Product placement, a practice in which manufacturers of goods or providers of a service gain exposure for their products by paying for them to be featured in films and television programmes. It can be a powerful advertising method, however can be seen as 'spammy' and unwanted.
First, product placement in film, TV and other formats can help these projects to get funded. That means cheaper movie tickets, more episodes of a favourite TV show, or online videos that simply wouldn't have existed without the help from companies looking to advertise. If done properly product placement can be done without interrupting the show, meaning everyone's a winner.
For companies product placement can be a great way to get into the public eye. Ray Ban sunglasses' success was heavily influenced by their aviators being featured in the hit 80s film, Top Gun. Ray Ban actually seem to have a lot of success with product placement, with their Wayfarer frame being popularised by another film starring Tom Cruise - Risky Business.
Though product placement can be both effective for marketers and beneficial to the consumer, product placements have their downsides...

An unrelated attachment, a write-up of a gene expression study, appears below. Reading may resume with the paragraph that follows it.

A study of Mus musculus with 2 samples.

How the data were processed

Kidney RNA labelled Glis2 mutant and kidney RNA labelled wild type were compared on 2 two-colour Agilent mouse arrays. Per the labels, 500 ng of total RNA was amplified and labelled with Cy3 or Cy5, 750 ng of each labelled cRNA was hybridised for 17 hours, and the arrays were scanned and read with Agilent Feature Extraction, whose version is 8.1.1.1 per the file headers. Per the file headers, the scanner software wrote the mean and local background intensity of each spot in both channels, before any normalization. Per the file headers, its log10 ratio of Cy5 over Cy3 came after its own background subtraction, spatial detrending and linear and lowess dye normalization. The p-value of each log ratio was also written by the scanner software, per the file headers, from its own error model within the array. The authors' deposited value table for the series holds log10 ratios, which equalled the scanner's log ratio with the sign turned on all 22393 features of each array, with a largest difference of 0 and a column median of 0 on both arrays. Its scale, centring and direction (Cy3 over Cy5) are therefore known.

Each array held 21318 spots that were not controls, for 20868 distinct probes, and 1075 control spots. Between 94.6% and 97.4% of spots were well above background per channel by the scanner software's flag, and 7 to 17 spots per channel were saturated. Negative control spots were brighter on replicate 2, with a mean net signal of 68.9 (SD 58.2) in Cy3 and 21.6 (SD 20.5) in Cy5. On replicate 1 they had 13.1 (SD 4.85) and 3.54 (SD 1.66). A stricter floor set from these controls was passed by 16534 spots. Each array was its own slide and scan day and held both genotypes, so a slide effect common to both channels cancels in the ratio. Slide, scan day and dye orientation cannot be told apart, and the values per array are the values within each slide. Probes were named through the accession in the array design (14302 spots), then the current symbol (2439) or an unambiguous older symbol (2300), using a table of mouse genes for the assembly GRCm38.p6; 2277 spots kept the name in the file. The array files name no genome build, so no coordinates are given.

For the consumer, their favourite programmes or films can be broken up by annoying and obvious product placement. If a product placement bit takes to long then it can spoil your immersion. Take this scene from the modern remake of Hawaii Five 0:
This product placement seems way too long and drops almost every Subway phrase, however I do now fancy a sandwich.
For companies product placement can be effective, but it can also be risky (depending on your contract). A company could donate a fleet of vehicles to a movie production which could then be driven by the heroes of the film and heavily promoted. However these same cars could simply be destroyed as a prop, or could be shown to be unreliable and cheap - damaging the brand.
Finally, there's regulation. While in the US and many other countries product placement is barely regulated, the UK has very strict product placement rules. Even online the Advertising Standards Authority (the UK's advertising regulatory body, abbreviated to ASA) are going after YouTubers and Instagram celebs who are publishing product placements and sponsored content without informing viewers.
Product Placement Alternatives
While product placement can be a truly powerful advertising medium, it doesn't work for everybody. Alternatives include standard graphic advertising, either online or traditional media. But, of course, we suggest promotional merchandise. Studies have shown that giving away branded products can have an extremely high conversion rate. With branded products everyone's a winner! Both the consumer receiving the product - they get a free product to do what they want with. And the brand who now has hundreds or thousands of branded products distributed that spread their brand.